This series consists of talks in the area of Quantum Gravity.
Black hole entropy is a robust prediction of quantum gravity with no observational test to date. We use the Bekenstein-Hawking entropy formula to determine the probability distribution of the spin of black holes at equilibrium in the microcanonical ensemble. We argue that this ensemble is relevant for black holes formed in the early universe and predicts the existence of a population of black holes with zero spin.
I argue that we do not understand gauge theory as well as we think when boundaries are present. I will briefly explain the conceptual and technical issues that arise at the boundary. I will then propose a tentative resolution, which requires us to think of theories not in spacetime, but in field-space.
Black holes are like bells; once perturbed they will relax through the emission of characteristic waves. The frequency spectrum of these waves is independent of the initial perturbation and, hence, can be thought of as a `fingerprint' of the black hole. Since the 1970s scientists have considered the possibility of using these characteristic modes of oscillation to identify astrophysical black holes. With the recent detection of gravitational waves, this idea has started to turn into reality.
We find an approximation of the induced spatial distance on a Cauchy hypersurface using only the causal structure and local volume element. The approximation can be made arbitrarily precise for a globally hyperbolic spacetime with compact Cauchy hypersurfaces.
I discuss the canonical degrees of freedom of metric Einstein gravity on a null surface. The constraints are interpreted as conservation equations of a boundary current. Gravitational fluxes are identified, and the Hamiltonians of diffeomorphism symmetry are discussed. Special attention is given to the role of a modification of the phase space at the boundary of the null surface. Based on 1802.06135 with Laurent Freidel.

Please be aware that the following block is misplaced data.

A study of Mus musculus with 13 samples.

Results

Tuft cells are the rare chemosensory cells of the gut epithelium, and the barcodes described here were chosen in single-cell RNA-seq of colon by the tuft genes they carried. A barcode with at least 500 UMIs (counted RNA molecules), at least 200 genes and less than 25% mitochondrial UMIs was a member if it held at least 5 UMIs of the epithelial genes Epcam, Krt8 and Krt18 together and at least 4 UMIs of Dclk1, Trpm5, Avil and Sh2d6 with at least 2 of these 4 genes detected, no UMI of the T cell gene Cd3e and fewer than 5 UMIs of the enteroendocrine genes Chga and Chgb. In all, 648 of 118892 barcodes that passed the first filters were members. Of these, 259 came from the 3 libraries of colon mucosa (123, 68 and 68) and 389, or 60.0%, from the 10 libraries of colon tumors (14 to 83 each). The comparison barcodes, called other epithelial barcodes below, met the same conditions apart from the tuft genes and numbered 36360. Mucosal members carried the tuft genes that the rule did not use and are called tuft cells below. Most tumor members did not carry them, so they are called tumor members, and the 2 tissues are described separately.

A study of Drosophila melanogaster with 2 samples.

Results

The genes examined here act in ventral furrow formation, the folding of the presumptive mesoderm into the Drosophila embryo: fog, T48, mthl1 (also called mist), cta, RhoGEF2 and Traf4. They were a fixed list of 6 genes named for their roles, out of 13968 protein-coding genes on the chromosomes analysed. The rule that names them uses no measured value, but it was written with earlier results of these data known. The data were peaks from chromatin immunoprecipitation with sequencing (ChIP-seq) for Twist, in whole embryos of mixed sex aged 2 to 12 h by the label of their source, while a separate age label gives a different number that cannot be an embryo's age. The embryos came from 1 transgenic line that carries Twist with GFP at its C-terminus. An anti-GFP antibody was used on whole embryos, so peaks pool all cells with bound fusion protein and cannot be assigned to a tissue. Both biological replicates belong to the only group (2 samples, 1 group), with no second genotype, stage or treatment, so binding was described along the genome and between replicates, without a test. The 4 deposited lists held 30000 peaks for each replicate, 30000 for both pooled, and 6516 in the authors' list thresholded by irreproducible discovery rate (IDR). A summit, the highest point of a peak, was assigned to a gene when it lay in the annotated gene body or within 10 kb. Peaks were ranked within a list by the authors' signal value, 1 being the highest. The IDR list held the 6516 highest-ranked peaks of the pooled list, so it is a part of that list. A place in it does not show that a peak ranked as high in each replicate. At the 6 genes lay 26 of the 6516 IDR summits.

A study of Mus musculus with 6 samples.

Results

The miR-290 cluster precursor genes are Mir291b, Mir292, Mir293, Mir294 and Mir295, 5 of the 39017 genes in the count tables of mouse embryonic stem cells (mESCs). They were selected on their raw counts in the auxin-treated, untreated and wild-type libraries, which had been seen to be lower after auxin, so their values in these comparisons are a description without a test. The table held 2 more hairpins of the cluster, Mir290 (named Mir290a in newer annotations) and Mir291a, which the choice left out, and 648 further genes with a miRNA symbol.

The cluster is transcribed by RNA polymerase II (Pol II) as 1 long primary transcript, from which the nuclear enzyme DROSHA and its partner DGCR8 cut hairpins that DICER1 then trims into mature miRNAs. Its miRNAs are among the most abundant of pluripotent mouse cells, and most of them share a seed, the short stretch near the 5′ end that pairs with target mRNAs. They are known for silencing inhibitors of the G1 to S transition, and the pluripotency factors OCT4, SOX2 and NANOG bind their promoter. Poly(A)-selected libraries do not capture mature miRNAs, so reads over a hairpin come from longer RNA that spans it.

The large j asymptotic behavior of 4-dimensional spin foam amplitude is investigated for the extended spin foam model (Conrady-Hnybida extension) on a simplicial complex. We study the most general situation in which timelike tetrahedra with timelike triangles are taken into account. The large j asymptotic behavior is determined by critical configurations of the amplitude. We identify the critical configurations that correspond to the Lorentzian simplicial geometries with timelike tetrahedra and triangles. Their contributions to the amplitude are phases asymptotically, whose exponents equal
I will discuss certain irrelevant operator deformations of holographic conformal field theories that define a one parameter family of quantum field theories which are thought to be dual to quantum gravity in finite regions.
Some examples include the "$T\bar{T}$ deformation of two dimensional holographic CFTs, its generalisations and higher dimensional cousins.
Despite being broadly accepted nowadays, temperature gradients in thermal equilibrium states continue to cause confusion, since they naively seem to contradict the laws of classical thermodynamics. In this talk, we will explore the physical meaning behind this concept, specifically discussing the role played by the university of free fall. We will show that temperature, just like time, is an observer dependent quantity and discuss why gravity is the only force capable of causing equilibrium thermal gradients without violating any of the laws of thermodynamics.
The entanglement entropy, while being under the spotlight of theoretical physics for more than ten years now, remains very challenging to compute, even in free quantum field theories, and a number of issues are yet to be explored.
I will discuss a proposed mechanism to fix the value of the top quark mass from asymptotic safety of gravity and matter, and will review the status of the proposal.